Teen’s trip to Ghana deepens understanding of Black History Month

After painting outside of orphanage in Ghana, Africa, in 2008, Breanna McGowan poses with orphan Zahara. (Courtesy photo)
Caption
After painting outside of orphanage in Ghana, Africa, in 2008, Breanna McGowan poses with orphan Zahara. (Courtesy photo)

While studying the beginnings of Black History Month, I learned it began as Negro History Week, and it was celebrated the second week in February 1926 by Carter Woodson, a black historian and professor at Howard University, who lived from Dec. 19, 1875 to April 3, 1950.

According to one of his biographies, Woodson felt that the contributions of African Americans were being overlooked and possibly suppressed by the writers of school textbooks, history books and also the teachers. So, he established Negro History Week in February because it was the birthday month of Abraham Lincoln and Frederick Douglass.


A person can’t understand where they are going until they learn where they came from. ‘Freedmen’ still had to overcome segregation, fear of lynching, racist obstacles and roadblocks that attempted to hold them back and break their spirit.

According to an article in Culture Trip, Ghana’s Cape Coast, a gold rich country, was a hub of the slave trade for European and Western traders at the cape’s castle that housed the slaves prior to their transatlantic trips to America and Caribbean in the 1500s.

The article describes how the demand for slave labor turned human beings into a “commodity,” like gold and ivory, and many slaves died.

“Right up until the slave trade was gradually abolished by each of the colonial powers in the first half of the 1800s, but by [that] point, the irreversible and immeasurable damage was done … and an estimated 6 million slaves had been shipped to other countries, with 10 to 15 percent, dying during their transatlantic trip to the ‘New World,” the article noted.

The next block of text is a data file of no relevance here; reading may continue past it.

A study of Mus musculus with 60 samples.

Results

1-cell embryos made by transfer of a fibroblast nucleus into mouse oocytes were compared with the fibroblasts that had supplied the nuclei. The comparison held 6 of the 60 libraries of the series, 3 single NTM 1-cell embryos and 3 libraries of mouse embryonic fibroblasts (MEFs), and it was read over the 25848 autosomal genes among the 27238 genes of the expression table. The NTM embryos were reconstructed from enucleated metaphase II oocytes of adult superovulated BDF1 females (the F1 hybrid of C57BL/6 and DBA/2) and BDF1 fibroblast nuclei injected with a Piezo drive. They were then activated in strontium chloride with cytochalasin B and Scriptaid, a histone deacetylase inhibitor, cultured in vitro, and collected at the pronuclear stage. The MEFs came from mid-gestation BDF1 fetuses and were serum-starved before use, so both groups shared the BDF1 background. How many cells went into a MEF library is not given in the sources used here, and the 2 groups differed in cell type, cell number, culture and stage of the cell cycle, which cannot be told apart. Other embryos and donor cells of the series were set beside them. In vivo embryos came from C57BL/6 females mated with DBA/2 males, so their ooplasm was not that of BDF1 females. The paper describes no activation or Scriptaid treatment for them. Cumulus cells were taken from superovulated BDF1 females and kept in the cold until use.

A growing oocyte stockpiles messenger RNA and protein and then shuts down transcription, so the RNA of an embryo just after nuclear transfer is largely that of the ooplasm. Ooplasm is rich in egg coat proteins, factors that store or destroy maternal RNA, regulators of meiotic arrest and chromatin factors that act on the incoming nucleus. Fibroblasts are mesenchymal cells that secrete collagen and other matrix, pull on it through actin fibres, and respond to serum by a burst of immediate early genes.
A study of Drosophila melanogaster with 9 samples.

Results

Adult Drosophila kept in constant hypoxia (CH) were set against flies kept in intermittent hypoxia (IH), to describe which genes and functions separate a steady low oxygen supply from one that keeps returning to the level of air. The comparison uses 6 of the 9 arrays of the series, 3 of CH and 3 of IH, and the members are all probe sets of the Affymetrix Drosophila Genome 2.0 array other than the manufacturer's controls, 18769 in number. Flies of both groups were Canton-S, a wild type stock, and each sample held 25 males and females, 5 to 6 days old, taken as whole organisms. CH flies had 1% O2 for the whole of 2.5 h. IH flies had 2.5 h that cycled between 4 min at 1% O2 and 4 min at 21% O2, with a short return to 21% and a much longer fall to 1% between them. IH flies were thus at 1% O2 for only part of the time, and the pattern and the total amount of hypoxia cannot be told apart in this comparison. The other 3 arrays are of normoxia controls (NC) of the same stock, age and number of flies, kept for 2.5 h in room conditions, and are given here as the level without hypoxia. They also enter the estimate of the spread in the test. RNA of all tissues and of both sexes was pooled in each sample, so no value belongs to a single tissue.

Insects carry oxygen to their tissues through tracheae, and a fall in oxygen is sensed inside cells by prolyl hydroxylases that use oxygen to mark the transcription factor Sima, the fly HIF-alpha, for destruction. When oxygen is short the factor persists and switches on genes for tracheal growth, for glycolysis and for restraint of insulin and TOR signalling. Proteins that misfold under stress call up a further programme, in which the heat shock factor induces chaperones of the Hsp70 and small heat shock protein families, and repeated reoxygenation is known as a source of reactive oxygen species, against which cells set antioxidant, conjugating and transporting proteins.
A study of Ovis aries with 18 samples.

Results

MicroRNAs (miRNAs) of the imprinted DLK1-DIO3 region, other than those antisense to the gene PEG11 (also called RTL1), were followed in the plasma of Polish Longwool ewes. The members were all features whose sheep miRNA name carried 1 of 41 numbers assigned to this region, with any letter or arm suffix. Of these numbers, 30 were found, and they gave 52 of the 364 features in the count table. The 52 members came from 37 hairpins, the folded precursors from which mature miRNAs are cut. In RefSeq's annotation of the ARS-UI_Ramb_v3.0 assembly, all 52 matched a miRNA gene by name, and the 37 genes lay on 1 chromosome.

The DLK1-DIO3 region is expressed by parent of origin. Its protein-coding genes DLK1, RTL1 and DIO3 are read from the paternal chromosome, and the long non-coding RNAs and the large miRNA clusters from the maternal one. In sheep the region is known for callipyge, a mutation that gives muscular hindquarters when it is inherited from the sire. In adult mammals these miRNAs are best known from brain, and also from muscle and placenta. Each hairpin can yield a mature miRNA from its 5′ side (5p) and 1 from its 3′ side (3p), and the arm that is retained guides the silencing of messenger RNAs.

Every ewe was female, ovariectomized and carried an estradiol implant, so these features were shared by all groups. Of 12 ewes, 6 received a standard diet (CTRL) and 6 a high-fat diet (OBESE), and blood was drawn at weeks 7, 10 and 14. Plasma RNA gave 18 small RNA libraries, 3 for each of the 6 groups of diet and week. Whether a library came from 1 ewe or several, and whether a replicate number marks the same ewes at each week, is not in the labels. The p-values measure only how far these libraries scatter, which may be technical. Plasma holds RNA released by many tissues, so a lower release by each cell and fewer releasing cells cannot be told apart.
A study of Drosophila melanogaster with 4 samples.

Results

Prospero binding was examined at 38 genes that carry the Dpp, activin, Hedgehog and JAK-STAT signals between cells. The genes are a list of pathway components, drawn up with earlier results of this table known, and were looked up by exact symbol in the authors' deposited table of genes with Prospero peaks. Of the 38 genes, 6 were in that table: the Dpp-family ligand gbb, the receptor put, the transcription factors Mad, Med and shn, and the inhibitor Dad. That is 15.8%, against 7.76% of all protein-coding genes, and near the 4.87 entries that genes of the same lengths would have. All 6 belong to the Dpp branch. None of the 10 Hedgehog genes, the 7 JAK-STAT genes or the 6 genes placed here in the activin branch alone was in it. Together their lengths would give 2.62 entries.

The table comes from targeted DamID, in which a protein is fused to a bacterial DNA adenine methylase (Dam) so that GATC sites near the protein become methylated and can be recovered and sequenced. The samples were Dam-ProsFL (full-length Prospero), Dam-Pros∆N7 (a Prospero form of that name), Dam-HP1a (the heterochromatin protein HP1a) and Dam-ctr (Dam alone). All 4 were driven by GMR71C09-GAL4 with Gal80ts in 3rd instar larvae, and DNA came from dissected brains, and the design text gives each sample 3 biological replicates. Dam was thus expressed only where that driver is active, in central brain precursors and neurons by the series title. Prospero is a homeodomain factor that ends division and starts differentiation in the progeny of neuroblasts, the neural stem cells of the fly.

To enlighten my daughter Breanna and allow her to touch a piece of her history, I sent her on a two-week trip to Ghana’s Cape Coast in August 2008. She, along with many other teens from around the world, stayed with host families, worked in an orphanage every day and realized the significant impact slavery had on the black culture.

She turned 16-years-old there and bonded quickly with many of the children at the orphanage.

“They were happy kids, even though they didn’t have much at all,” she said. “We would walk to the market holding hands, and they never complained.”

While there, Breanna and other volunteers learned important history lessons about the roots of slavery during a field trip to Cape Coast Castle. She saw and photographed the shackles that were used to chain slaves and an engraved plaque that read, “In Everlasting Memory of the anguish of our ancestors. May those who died rest in peace. May those who return find their roots. May humanity never again perpetrate such injustice against humanity. We, the living vow, to uphold this.”

No history book could have replaced the living history my daughter received when she touched the shackles, the plaque and the dirt ground in the slave castles where they were imprisoned prior to their transatlantic journey to America and Britain. The place from where her forefathers descended.

This enriching experience has inspired her to delve into a mission of her own through arts and poetry to bring hope to others and a hunger to succeed to a younger generation, continuing the legacy of Black History Month.